By Rev. Irene Monroe
Presidential hopefuls scramble for black votes
But to nab the Senate seat currently held by Sen. Ed Markey in this November’s election, Kennedy must distinguish himself as more than just a younger version with the same policy views.
The two Democratic senatorial candidates debated for the first time Tuesday evening of February 18 during an event hosted by WGBH News at its Brighton location. But any ideological differences between the two men did not emerge in the conversation.
The primary race has generated both excitement and frustration. While some are excited by the prospect of Kennedy advancing to the Senate, for Democrats hoping to take the U.S. Senate in November, the infighting over a “safe seat” from a political calculus perspective is a waste of time in a blue state like Massachusetts. Also, it is perceived to be wasteful when the allocation of money and resources are limited and needed to unseat Republicans.
Nonetheless, I wanted to hear why Kennedy, who champions the same issues as Markey, would be a better senator than the incumbent.
“The issue is that at this moment … this is not about finding the right bill and voting the right way,” Kennedy said.
Kennedy, 39, never stated the ideological discrepancies between himself and Markey, 73, explicitly. However, the issue that was front and center yet not candidly discussed was their age and generational differences, which fueled Kennedy’s run.
“To meet this moment requires more than just defeating [Trump],” CBS reported Kennedy stated at his campaign kickoff last September. “It requires taking on clearly a broken system, the calcified structures that allowed him to win in the first place.”
Kennedy, I suspect, is trying to arrive in the Senate on the same wave of enthusiasm and excitement as the Massachusett’s 7th Congressional District and communities beyond had for then-Boston City Councilor Ayanna Pressley, which landed her a seat in the U.S. House of Representatives. Like the Kennedy and Markey race, there were age and generational differences between Pressley and incumbent Rep. Michael Capuano, signaling unease in the Democratic party. However, Pressley unseating the 10-term Capuano isn’t the same as Kennedy trying to unseat Markey.
When Pressley stated at a 2018 canvassing event in Cambridge, Mass., that I attended, “We might vote the same way, but we will lead differently,” Pressley was referring to representation — an issue that neither Kennedy nor Markey has had to struggle with for themselves or their districts. Capuano, who’s white and male, witnessed during his tenure the changing demographics of his constituents. As an African-American woman, Pressley was better suited to represent and lead what had become a majority-minority district.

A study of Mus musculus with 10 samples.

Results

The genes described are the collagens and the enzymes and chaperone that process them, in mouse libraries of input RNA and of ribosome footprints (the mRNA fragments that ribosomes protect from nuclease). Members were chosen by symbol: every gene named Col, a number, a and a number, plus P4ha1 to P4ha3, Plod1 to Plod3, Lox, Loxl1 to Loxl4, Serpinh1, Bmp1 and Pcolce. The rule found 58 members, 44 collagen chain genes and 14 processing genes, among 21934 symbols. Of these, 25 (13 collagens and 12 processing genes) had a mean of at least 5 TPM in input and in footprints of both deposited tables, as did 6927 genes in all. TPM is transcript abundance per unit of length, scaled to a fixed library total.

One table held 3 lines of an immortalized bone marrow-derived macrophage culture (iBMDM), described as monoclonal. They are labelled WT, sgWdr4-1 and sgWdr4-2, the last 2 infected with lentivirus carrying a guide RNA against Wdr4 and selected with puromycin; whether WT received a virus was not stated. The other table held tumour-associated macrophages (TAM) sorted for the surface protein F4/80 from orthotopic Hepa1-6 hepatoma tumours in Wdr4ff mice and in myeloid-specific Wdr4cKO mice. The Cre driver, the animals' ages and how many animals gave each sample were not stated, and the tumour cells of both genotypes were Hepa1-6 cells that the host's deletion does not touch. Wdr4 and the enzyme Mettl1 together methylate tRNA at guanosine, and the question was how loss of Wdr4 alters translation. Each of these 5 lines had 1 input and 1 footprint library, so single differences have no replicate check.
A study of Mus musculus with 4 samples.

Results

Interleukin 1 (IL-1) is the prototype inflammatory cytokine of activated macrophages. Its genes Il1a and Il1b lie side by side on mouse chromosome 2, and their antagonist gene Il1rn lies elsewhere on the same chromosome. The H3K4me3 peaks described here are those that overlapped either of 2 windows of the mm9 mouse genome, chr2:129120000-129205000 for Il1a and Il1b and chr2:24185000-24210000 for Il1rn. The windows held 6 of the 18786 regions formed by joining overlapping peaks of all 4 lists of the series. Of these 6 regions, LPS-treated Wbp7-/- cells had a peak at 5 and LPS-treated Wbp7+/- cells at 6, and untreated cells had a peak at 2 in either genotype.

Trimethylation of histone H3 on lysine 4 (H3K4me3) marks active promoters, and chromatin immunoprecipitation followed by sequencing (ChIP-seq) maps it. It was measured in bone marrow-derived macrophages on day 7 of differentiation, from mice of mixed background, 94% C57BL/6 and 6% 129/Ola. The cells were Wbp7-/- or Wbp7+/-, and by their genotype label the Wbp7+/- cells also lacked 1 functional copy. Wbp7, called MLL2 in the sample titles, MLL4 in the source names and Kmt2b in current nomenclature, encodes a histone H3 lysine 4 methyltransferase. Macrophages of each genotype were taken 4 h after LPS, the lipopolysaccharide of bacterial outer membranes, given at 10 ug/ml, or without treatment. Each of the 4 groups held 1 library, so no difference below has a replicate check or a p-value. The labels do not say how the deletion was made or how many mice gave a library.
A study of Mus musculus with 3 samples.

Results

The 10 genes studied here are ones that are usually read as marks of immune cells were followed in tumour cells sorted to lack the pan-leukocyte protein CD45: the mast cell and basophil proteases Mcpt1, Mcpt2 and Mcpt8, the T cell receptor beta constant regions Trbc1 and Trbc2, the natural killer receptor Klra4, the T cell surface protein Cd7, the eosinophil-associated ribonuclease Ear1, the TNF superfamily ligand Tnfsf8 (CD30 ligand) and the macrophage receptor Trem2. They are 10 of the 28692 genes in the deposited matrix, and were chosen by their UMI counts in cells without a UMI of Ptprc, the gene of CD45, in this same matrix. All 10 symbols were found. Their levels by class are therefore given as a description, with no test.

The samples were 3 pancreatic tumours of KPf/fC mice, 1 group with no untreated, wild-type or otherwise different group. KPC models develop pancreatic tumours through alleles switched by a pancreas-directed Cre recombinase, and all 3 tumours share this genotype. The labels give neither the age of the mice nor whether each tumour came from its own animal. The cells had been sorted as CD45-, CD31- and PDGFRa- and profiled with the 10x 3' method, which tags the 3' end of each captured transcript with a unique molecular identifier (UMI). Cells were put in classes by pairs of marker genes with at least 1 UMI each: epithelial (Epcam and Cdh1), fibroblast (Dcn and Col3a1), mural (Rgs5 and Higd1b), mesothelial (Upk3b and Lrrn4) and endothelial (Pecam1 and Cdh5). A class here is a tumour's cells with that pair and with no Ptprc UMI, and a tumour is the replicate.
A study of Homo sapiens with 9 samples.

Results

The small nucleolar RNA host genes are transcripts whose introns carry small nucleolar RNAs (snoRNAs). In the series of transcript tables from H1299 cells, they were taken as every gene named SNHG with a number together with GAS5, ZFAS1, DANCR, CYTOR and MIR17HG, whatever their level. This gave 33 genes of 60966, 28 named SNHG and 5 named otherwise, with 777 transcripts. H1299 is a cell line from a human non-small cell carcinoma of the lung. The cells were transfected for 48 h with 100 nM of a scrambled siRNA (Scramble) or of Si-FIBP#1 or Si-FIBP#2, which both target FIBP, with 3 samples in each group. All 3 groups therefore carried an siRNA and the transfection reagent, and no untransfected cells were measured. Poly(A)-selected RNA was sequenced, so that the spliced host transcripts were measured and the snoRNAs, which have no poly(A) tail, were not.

Demographic diversity, along with a younger and more progressive generation of Democratic politicians, is essential for the life of the party. And in a race between similarly positioned candidates, race, gender and geographic diversity matter. Yes, so, too, age! But Kennedy must have more than that.
The congressman launched his race for Markey’s seat as “the fight of his generation.” In January, Kennedy held 11 town hall meetings and made nearly 300 campaign stops across the Commonwealth since announcing his bid, hoping to excite younger voters to the polls. However, if 78-year-old Vermont Sen. Bernie Sanders’ strong poll numbers in the race for the White House are any indication about voters under 40, then does a candidate’s age really matter?
Since Kennedy is Markey’s challenger, he must distinguish himself from Markey’s policy positions by demonstrating why age matters. Kennedy must show why his age would make a difference in the way that Pressley articulated why her leadership style would make a difference. Otherwise, this first debate, for me, didn’t demonstrate a compelling reason to replace Markey for Kennedy — in other words, to swap an older straight white male for a younger one.
However, there will be two more debates before the Sept. 1 primary. Perhaps those upcoming debates will parse out what I presently see to be two indistinguishable opponents. Moreover, I feel, unlike where we are today in our democracy, when it comes to the race for an already-blue Senate seat, “if it ain’t broke, don’t fix it.”